Bárbara Costa Beber, SLP, PhD
Atlantic Fellow at GBHI, Trinity College Dublin
Home Country: Brazil
Field of Employment: Speech & Language
Key areas: primary progressive aphasia, Alzheimer’s disease, language disorders, cognitive assessment, public health
Bárbara Costa Beber is a speech and language pathologist who is passionate about studying human language and cognition. She joined GBHI with the aim of understanding how language is disrupted in neurodegenerative diseases that affect brain areas involved in language, as in the case of primary progressive aphasia.“Good comprehension of the brain’s language behaviors is the foundation for advancing the diagnosis and treatment of progressive aphasias.” continued text
In her home country of Brazil, the diagnosis of dementia can be imprecise, and many patients receive the wrong diagnosis or are never diagnosed at all. Misdiagnosis affects the quality of life of patients and their families, as well as causing problems for the public health system. Beber is interested in improving the diagnosis of dementia in Brazil, especially in cases of primary progressive aphasia. She believes that understanding the mechanisms behind language disruptions, developing new language tests, and educating health professionals to recognize early signs of cognitive impairment are the first steps toward improving the condition of patients with dementias that are characterized by language disorders. In Brazil, Beber is one of the few researchers who has expertise in primary progressive aphasia, and she is strongly committed to advancing scientific knowledge of the condition in the field of brain health.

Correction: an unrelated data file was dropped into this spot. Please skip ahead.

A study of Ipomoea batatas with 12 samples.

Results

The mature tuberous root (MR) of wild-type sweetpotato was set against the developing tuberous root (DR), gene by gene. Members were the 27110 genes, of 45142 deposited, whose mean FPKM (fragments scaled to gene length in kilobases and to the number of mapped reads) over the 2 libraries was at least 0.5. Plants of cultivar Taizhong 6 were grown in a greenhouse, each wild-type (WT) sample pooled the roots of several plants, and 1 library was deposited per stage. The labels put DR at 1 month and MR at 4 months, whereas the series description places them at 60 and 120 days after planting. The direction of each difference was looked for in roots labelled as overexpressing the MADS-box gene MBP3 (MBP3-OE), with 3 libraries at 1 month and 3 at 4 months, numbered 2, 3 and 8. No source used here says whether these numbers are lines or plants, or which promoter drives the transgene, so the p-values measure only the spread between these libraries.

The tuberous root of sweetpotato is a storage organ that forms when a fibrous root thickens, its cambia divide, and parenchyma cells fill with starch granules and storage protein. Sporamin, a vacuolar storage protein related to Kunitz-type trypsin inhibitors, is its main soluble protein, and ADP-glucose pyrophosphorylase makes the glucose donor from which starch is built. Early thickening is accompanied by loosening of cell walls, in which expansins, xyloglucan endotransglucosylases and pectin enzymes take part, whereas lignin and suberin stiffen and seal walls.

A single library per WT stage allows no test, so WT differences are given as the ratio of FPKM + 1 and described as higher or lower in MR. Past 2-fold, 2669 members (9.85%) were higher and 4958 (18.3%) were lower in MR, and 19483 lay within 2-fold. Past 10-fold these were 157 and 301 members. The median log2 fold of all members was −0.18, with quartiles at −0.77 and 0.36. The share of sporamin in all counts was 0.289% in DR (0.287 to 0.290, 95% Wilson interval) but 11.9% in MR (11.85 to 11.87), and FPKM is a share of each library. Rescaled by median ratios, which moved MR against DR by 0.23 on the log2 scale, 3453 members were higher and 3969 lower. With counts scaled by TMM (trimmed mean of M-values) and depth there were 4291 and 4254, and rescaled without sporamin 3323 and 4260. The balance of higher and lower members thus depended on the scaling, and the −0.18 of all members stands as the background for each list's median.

Bio: Bárbara Costa Beber earned a master’s degree in human communication disorders from the Federal University of Santa Maria and a PhD in medicine and medical sciences from the Federal University of Rio Grande do Sul. During her PhD, Beber was a visiting scholar at the UCSF Memory and Aging Center. In Brazil, she is a professor of speech and language pathology at Faculdade Nossa Senhora de Fátima and a dementia researcher at the Hospital de Clínicas de Porto Alegre.